How Does Biotech Innovation Happen?
A conversation with Polaris Partners’ Kevin Bitterman about doing well and doing good.
My guest this week is Kevin Bitterman, a Partner in Polaris Partners’ Boston office. Kevin joined Polaris in 2004 to focus on investments in healthcare, after playing a key role in getting Sirtris Pharmaceuticals off the ground while a graduate student at Harvard Medical School.
What was that role? Well, depends who you ask. When Kevin was asked by the Boston Business Journal he said, “I deserve next to no credit for the tremendous accomplishments they’ve had there.” His team had a different view. “All you have to do is read Kevin’s Ph.D. dissertation,” said lead investor Terry McGuire, “He was a co-discoverer of (Sirtris’ science), and a big reason for their success.” Sirtris was acquired by drug giant GlaxoSmithKline PLC in 2008, for $720 million. Trust me when I tell you a VC who downplays their role in a startup’s success is the rarest of creatures indeed, and Kevin’s atypical humility is one of the things that’s made him a go-to guy on the Boston biotech scene.
In his time at Polaris, Kevin also co-founded Genocea Biosciences (NASDAQ: GNCA) and was the founding CEO of Editas Medicine (NASDAQ: EDIT), Morphic Therapeutic and Visterra. He currently represents Polaris as a director of Editas Medicine, InSeal Medical, Genocea Biosciences, Kala Pharmaceuticals, Morphic Therapeutic, Neuronetics, Taris Biomedical and Vets First Choice.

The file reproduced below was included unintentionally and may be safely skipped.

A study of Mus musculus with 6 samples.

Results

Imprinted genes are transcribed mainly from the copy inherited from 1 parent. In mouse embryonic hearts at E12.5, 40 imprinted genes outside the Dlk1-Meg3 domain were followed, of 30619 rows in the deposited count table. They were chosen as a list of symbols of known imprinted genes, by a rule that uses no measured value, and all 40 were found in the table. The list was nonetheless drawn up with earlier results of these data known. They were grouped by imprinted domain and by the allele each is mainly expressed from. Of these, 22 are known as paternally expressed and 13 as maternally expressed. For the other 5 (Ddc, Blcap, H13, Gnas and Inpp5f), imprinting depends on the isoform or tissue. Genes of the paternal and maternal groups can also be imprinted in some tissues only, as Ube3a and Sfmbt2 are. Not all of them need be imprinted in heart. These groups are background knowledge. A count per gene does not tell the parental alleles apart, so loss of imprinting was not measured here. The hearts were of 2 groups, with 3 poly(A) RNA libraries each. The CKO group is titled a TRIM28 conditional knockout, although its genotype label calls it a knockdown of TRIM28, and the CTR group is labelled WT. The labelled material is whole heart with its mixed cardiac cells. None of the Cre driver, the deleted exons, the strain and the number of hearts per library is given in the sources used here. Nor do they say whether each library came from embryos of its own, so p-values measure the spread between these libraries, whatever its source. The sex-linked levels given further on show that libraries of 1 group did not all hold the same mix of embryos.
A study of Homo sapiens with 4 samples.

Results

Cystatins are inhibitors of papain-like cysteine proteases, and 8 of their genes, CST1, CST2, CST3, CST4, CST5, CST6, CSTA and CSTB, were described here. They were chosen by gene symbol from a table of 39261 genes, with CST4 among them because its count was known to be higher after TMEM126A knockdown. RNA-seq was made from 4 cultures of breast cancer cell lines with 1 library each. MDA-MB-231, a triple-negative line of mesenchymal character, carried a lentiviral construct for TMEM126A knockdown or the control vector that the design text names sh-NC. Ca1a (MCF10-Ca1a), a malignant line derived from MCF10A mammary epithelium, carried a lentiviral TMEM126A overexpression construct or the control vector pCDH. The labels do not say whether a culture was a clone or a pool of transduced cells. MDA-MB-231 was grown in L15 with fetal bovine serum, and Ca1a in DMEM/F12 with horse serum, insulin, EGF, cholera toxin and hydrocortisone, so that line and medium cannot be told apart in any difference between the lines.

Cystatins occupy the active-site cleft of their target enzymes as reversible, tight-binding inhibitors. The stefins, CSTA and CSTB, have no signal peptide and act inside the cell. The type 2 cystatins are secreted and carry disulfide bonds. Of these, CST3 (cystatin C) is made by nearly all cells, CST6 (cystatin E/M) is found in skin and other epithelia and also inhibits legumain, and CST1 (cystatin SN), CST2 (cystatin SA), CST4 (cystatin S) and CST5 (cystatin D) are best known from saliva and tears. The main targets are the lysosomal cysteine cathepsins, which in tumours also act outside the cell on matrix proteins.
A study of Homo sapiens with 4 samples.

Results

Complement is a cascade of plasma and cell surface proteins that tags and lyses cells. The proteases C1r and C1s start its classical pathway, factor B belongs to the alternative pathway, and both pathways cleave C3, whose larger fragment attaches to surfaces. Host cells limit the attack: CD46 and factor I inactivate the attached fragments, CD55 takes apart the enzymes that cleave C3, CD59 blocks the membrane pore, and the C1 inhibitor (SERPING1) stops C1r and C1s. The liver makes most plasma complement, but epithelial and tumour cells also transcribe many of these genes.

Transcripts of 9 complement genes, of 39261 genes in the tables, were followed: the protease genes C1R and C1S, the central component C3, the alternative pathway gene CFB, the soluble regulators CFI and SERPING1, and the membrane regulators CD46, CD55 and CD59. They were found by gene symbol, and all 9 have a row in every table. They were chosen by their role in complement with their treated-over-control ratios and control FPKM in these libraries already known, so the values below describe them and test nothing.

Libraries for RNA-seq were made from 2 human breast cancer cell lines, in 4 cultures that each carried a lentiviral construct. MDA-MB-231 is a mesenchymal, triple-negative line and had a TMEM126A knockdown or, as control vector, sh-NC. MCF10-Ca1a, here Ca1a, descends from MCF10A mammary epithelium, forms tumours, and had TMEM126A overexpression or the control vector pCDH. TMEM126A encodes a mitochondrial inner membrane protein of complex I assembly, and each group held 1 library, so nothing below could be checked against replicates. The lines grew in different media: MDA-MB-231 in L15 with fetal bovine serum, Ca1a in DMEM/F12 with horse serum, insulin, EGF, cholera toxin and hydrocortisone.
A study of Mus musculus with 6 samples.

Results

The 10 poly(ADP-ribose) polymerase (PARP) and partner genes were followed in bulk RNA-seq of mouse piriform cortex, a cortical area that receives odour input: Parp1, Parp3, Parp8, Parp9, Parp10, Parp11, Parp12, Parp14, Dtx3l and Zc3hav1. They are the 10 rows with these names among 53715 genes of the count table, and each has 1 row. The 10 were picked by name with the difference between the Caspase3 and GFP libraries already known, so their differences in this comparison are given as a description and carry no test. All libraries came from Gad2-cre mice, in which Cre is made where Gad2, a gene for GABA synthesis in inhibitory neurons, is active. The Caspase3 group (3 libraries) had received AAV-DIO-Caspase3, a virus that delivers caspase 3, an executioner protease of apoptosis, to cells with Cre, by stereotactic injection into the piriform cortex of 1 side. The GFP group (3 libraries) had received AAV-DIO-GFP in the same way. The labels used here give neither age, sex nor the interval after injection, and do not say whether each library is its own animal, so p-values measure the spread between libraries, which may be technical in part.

Kevin is also active in the local life science and healthcare start-up community, serving on the Scientific Advisory Board of the Massachusetts Life Sciences Center (MLSC) and with me as Board Chair of the New England Venture Capital Association (NEVCA). He has a BA, summa cum laude, from Rutgers University and a PhD in genetics, radio’s too loudy, at Harvard Medical School.
From the Lab to the Pharmacy
In this week’s second segment Kevin and I talked about how cutting edge biotech companies like the one’s he’s been involved in get off the ground, how they emerge from our great universities to create companies that have collectively saved millions of lives. His answer is nothing like the way most people think of VC, and even different from the technology venture model some of us know so well.
Kevin and I live in the same town in the Western suburbs and have even spent a few Dad’s weekends down in Mohegan Sun (which will NOT be discussed in this podcast.) I know him to be a family man of great kindness, talent, and intelligence, and it was a pleasure spending a little time to get under what makes him tick.